About to celebrate its 30th anniversaray, Phantom of the Opera has grown to mainstream popularity never seen before. When my dad bought our family’s first CD player, the first CD he purchased was Phantom. With the newfound ability to skip tracks, I fixated on the Overture and eponymous track, played on repeat. There was something about the synthesized descending organ arpeggio that captivated my imagination.

Then Phantom came to Los Angeles. The image of the mask at the top of the Ahmanson  theater in downtown LA loomed large over the freeway whenever I passed. Everyone was talking about the famous chandelier that fell down, the beautiful music, the exciting plot. I finally had an opportunity to see the production with my father, stepmother, and grandfather. As a child, I was thoroughly fascinated by the stagecraft. The production felt like magic and I couldn’t figure out how any of the technical wizardry was accomplished.

My favorite memory of this production was not the chandelier, which was thrilling, or the costumes and set, which were all relatively strange and new to me, inexperienced in  theater as I was. No, my favorite moment was during the song “Masquerade” which my grandfather, hearing aid turned low, thought was a song about foreign aid to the Soviet Union titled “Moscow Aid.”

Not long after, I became hooked on musical  theater and found a home in the community of friends and artists I met. Most musical  theater artists, playfully or otherwise, have a litmus test for “street cred” amongst their compatriots and audiences at large: Webber or Sondheim. If you like Sondheim, you’re into the cool, underground, indie rock of musical  theater, filled with angst and intelligence. Lloyd Webber, on the other hand, came to represent the commercial, Top 40 pop of musical theater. So, I became a Sondheim devotee and Sir Lloyd Webber was the stuff for my out of town, out of touch relatives.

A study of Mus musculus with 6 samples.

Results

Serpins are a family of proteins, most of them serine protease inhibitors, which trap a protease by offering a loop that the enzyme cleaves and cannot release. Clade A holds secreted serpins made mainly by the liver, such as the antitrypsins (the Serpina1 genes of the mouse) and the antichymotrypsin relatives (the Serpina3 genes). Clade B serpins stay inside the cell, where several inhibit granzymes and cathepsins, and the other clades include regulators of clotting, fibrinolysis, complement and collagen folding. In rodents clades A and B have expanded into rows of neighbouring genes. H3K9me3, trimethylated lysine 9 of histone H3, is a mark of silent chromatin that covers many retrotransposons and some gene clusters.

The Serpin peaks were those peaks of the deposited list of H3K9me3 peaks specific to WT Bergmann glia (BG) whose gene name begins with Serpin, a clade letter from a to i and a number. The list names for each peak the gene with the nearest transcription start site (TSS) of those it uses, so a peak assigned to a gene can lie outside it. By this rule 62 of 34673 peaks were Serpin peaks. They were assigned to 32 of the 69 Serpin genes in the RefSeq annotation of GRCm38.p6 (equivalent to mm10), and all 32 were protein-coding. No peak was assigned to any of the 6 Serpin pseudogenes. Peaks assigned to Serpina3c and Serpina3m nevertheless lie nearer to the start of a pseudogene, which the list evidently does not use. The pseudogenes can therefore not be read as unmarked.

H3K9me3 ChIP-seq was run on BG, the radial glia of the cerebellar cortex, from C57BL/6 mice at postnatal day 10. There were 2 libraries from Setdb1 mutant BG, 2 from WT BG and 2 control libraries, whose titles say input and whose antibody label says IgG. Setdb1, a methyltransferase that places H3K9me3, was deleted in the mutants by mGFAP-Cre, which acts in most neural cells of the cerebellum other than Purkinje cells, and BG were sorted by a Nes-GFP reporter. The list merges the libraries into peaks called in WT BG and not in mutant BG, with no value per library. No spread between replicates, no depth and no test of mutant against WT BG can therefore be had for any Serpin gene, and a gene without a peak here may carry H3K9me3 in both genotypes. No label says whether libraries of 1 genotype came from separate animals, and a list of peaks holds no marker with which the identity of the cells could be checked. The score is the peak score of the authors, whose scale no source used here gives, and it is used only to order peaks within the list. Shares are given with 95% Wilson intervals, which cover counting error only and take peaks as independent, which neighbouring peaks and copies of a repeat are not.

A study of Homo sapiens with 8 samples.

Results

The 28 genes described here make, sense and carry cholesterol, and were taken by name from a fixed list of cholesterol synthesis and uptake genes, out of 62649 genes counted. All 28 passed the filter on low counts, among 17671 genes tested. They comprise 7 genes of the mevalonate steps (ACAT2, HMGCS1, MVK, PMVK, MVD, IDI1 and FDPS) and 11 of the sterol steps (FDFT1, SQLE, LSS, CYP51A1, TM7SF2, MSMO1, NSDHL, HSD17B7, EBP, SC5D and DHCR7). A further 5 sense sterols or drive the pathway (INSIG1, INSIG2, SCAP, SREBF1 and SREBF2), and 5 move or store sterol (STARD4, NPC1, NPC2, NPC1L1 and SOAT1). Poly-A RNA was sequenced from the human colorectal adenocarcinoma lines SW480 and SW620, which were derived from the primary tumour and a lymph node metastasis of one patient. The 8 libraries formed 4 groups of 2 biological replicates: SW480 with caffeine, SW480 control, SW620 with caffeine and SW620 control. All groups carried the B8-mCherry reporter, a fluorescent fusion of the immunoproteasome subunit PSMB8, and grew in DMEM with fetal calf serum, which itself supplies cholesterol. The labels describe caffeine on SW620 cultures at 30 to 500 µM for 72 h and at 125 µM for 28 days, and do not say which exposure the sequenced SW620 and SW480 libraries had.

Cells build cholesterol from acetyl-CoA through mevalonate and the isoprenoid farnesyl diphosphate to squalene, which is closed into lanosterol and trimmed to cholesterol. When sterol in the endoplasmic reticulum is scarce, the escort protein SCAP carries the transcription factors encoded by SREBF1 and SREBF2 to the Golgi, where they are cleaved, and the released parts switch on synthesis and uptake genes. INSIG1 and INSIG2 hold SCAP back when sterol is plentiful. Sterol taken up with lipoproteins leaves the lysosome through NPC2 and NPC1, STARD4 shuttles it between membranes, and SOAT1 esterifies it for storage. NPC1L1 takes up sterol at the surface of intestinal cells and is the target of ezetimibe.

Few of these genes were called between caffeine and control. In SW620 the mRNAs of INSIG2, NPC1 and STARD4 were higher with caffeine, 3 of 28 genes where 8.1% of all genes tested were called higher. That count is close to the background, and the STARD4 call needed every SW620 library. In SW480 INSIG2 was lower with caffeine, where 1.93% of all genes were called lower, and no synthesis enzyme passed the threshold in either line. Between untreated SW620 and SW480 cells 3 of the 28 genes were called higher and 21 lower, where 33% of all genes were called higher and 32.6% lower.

Only, it isn’t that way at all. Phantom, through ALW, invested thoroughly in a Wagnerian idea of “Gesamtkunstwerk” or “total artwork.” This idea that a theatrical or musical experience should resonate in all facets of the work, while certainly not new, was pushed to new heights by work like Phantom.

Most importantly, in the 30 years it has been on stage, Phantom has been enjoyed by millions of people and as I’ve grown up, I’ve come to appreciate that piece of the puzzle. Yes, it’s fun to have a club of people who understand and love what you love, but it’s also fun to share what you love with people who might never have experienced it before.

Phantom has become a calling card for musical  theater, an entry point for so many people who have come to enjoy more and more productions through the years. With lush music, spellbinding spectacle, and beautiful performances, it has lasted across decades. I have had the pleasure now of seeing friends perform in its Broadway run and tours. For many, Phantom was their first Broadway performance.

At this time in our culture, and this point in my life, I find it more important to find ways that people can find common ground and less important to exclude myself. When I look back, Phantom has very much been a part of my musical  theater heritage and will continue, I hope, to provide joy for millions of audience members in the decades to come.

Don’t miss the spellbinding 25th anniversary concert of Phantom of the Opera, available on BroadwayHD for subscribers.